Cambodian author Vaddey Ratner was just a child when the Khmer Rouge came banging on the doors of her aristocratic family's compound in Phnom Penh. She's fictionalized that experience — and the years of hardship that followed — in her new novel, In the Shadow of the Banyan.
She survived — and so does her heroine, Raami — in part because she remembered the poems and stories her father loved.
This interview was originally broadcast on July 26, 2011. Donald Ray Pollock's The Devil All the Time is now out in paperback.
Knockemstiff, Ohio, is a tiny hamlet in southern Ohio. In the 1950s, Knockemstiff had three stores, a bar and a population of about 450 people. Most of those people, says fiction writer Donald Ray Pollock, were "connected by blood through one godforsaken calamity or another."
This interview was originally broadcast on May 21, 2012. Sacha Baron Cohen's The Dictator is now out on DVD.
Actor and writer Sacha Baron Cohen is famous for taking his characters — Ali G., Borat, Bruno — into the real world, interacting with people who have no idea that they're dealing with a fictional character. But his new movie, The Dictator, is a scripted comedy about a tyrant on the loose in New York.
Arik, the 16-year-old Israeli at the center of The Matchmaker, doesn't get why everyone keeps talking about love. It's the summer of 1968 in Haifa, and though the American summer of love is just a recent memory, Arik (Tuval Shafir) couldn't care less — he finds war immensely more interesting.
The "know your farmer" concept may soon apply to the folks growing your coffee, too.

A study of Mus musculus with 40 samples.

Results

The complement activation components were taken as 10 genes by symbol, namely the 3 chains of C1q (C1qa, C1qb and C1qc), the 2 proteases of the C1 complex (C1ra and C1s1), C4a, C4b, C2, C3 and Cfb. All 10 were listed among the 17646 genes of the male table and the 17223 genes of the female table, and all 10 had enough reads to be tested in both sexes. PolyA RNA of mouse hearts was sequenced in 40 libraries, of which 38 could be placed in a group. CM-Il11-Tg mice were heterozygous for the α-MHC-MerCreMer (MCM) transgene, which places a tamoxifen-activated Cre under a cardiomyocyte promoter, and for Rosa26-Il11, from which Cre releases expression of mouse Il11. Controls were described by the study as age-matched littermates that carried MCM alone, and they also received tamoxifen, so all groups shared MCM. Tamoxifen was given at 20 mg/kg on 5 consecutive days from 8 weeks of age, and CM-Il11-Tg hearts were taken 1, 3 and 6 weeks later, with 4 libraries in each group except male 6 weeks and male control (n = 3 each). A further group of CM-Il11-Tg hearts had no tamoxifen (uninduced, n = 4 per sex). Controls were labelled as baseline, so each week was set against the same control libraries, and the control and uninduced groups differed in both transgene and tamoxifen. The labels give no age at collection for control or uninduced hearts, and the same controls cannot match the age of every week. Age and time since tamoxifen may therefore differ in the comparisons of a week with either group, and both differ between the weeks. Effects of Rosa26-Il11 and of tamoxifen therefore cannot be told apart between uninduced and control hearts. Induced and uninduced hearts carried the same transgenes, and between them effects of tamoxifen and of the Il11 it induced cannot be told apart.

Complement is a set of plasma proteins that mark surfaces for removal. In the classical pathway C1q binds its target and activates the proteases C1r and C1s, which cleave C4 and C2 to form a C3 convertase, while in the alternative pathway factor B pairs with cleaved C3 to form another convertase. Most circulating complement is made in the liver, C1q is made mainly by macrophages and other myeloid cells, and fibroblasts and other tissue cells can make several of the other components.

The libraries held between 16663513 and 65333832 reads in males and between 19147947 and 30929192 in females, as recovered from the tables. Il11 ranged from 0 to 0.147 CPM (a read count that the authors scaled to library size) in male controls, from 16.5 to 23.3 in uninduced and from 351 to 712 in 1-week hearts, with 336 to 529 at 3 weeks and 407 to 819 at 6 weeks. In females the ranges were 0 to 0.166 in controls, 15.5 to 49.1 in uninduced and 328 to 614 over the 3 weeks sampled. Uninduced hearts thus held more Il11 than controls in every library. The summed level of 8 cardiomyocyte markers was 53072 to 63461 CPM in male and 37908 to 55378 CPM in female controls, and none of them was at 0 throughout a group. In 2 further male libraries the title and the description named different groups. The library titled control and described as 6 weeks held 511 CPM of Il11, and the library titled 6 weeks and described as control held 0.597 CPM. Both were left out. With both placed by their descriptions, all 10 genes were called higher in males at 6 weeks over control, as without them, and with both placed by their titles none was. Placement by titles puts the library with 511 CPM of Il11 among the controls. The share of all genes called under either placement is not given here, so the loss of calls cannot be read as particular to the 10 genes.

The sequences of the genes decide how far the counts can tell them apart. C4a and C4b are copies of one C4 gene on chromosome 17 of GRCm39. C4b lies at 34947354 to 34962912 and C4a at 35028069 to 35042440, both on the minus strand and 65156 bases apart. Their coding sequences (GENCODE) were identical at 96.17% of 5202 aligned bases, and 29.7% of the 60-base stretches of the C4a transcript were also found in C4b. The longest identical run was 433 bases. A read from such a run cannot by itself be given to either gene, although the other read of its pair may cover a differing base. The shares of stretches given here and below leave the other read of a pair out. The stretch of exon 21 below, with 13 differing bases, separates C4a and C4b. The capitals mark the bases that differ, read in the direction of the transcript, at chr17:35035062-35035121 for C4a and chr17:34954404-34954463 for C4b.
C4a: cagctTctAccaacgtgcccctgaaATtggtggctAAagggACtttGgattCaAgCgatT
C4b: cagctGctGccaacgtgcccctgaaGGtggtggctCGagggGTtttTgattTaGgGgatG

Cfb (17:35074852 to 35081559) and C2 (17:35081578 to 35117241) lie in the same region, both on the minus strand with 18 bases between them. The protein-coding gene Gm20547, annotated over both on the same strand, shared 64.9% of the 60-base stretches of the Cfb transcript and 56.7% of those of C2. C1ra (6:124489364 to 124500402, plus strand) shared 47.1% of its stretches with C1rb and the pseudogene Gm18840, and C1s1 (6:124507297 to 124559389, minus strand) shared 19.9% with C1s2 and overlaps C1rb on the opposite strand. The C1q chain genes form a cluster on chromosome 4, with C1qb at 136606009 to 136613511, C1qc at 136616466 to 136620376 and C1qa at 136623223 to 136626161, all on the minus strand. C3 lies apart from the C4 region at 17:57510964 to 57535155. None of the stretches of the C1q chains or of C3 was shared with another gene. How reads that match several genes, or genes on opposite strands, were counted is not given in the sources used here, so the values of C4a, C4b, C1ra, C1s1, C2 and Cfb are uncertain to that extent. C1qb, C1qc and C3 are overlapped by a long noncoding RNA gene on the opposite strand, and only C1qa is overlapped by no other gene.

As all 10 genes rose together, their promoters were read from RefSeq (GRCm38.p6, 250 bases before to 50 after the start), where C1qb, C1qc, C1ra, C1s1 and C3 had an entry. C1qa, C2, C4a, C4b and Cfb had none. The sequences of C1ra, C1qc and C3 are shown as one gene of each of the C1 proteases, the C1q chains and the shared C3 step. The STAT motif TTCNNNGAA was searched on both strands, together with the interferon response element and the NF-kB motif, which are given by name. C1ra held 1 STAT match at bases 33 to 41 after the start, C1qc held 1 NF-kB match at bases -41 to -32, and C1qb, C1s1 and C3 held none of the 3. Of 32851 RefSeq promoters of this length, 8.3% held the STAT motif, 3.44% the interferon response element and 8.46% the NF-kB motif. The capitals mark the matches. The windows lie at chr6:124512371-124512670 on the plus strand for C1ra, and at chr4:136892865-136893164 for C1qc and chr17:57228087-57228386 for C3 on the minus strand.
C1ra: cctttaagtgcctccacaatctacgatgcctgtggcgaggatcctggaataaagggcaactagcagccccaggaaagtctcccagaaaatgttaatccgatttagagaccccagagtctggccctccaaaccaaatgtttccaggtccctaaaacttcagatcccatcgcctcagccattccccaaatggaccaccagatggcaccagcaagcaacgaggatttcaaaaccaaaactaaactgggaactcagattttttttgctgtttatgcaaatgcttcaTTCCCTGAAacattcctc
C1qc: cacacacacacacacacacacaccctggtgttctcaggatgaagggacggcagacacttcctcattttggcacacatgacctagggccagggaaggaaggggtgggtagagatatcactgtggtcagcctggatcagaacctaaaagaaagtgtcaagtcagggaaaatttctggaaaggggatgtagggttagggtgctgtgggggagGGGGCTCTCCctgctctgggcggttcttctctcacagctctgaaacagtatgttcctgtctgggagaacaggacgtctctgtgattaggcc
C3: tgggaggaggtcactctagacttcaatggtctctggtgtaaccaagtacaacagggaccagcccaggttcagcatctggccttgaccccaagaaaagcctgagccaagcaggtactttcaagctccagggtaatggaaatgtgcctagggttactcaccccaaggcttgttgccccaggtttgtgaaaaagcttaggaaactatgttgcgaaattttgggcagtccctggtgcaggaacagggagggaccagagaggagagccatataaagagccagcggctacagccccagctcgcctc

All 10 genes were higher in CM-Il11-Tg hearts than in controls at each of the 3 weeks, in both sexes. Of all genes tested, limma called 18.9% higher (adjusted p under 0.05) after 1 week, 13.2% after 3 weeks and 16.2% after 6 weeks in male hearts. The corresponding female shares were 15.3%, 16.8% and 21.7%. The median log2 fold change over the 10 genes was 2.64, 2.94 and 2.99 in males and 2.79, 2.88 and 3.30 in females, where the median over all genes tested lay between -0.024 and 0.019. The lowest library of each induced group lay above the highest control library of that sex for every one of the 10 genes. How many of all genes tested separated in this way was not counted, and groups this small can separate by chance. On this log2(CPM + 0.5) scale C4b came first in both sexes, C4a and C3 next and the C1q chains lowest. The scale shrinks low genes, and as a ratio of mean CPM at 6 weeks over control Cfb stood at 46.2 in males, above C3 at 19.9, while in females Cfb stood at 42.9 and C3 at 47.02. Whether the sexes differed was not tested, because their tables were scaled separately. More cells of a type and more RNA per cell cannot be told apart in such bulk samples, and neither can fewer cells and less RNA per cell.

Increasingly, specialty roasters are working directly with coffee growers around the world to produce coffees as varied in taste as wines. And how are roasters teaching their clientele to appreciate the subtle characteristics of brews? By bringing an age-old tasting ritual once limited to coffee insiders to the coffee-sipping masses.
What's an American family these days? Many different things, but while television — a domestic medium to its marrow — has an affectionate finger on the pulse of the changing modern family, movies often seem stuck in a sorry dysfunction held over from the late 1960s, when we awoke to find that jolly Beaver Cleaver had morphed into miserable Benjamin Braddock, and while Mrs. Robinson tippled discreetly in the bedroom, Father, far from knowing best, went clueless or missing.
A parable of art and love, and a political allegory to boot, Chicken with Plums centers on an Iranian musician who wills himself to die. Yet the story that then unfolds, mostly in flashback, could hardly be more vital and engaging.
A matinee idol for the age of HDTVs and "retina displays," Robert Pattinson has a face that seems to require a higher resolution — glossy and ghostly pale, all sleek lines and alabaster skin. As Edward Cullen, the emo vampire in the Twilight saga, Pattinson plays a creature so immaculately inhuman that he literally sparkles in the sunlight. Edward may be over a century old, but Pattinson has become a thoroughly modern, even futuristic teen heartthrob, looking at all times as airbrushed as his many Entertainment Weekly covers.